I want to tell you a story about yesterday.
The story finishes with lightning and thunder, and four boys sitting on the marble steps looking out at the looming clouds’ edge towards the courtyard of the Safari Academy.
The reason why I have not started at the beginning is because I do not know what it looks like for the other three boys sitting next to me. Dawit was to my left, a boy who is so exceedingly smart and intuitive but aims to please. Akele was to my right, an actor with his emotions but also superbly compassionate when he wants to be. Next to Akele was Seid, the classic silent but strong type; a powerful calm that his friends lean into and rely on.
The beginning of their story is something that I can’t quite imagine— abandoned life at a government orphanage in an overcrowded, underloved place.
But fast forward to yesterday afternoon, the last afternoon of our first week with the kids. A time of unwanted goodbyes looming like the clouds to be, but also the most relationally comfortable time with each other as well.
Yet often with comfort, comes conflict. This is exactly what happened. During our lunch, while the kids of Bring Love In were playing in the classroom and the courtyard, a fight broke out between a few of them.
My aim is not to highlight the fight or add detail to it but to explain that though this happens in all schools across the world, the aftermath is always the same: Everyone is affected, whether it is emotionally, physically, or mentally.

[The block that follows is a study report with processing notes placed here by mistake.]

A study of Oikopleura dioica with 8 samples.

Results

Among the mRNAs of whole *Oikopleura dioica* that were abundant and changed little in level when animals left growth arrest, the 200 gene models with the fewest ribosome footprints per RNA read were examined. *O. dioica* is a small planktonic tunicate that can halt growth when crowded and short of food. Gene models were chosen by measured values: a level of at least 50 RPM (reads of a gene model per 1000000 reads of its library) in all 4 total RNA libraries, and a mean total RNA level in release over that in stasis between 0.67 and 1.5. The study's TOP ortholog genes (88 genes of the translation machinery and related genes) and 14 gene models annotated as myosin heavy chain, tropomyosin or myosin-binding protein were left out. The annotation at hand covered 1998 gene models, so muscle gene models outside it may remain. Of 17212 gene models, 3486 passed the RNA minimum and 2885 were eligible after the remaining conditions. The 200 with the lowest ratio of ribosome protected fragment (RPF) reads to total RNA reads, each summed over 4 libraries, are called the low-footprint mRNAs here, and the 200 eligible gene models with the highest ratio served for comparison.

It created a tension that was palpable for our last afternoon. The metaphor of the mood in the classroom to the dark clouds outside was like a fiction.
Yet this is real.
The tension broke with a spoken word, a thrown bin of supplies, and resulted in myself sitting with three boys outside looking internally.
All I could say to try and provide any solace to one of the boys was an apology, and all I could do to ease any pain was to gently rub a back.
Though this story is not for the light of heart, God revealed to me this morning in reflection that “we rejoice in our sufferings, knowing that suffering produces endurance, and endurance produces character, and character produces hope, and hope does not put us to shame, because God’s love has been poured into our hearts through the Holy Spirit who has been given to us.” Romans 5:3-5
These boys and girls of Bring Love In have a beginning that is unimaginable to all of us except God just as the end of their story is unknown to all of us connected to Bring Love In through stories, donations or trips to Ethiopia. I am just so proud and thankful to be in a chapter of their lives.
The hope they have for a positive future that comes from the Holy Spirit poured into them, would have never have been without the suffering they have endured and the characteristics it has built.
Thus I sat there with those three boys on the top step, we sat and were silent. I was enamored by how Dawit could smile after such a dramatic conclusion to the day. I was impressed how Akele could take his anger and release it without aggression. I was in love with how Seid could exude his calm onto Akele and how a few softly spoken words could change his friend’s entire demeanor. But mostly I was in awe, of God’s grace towards his children.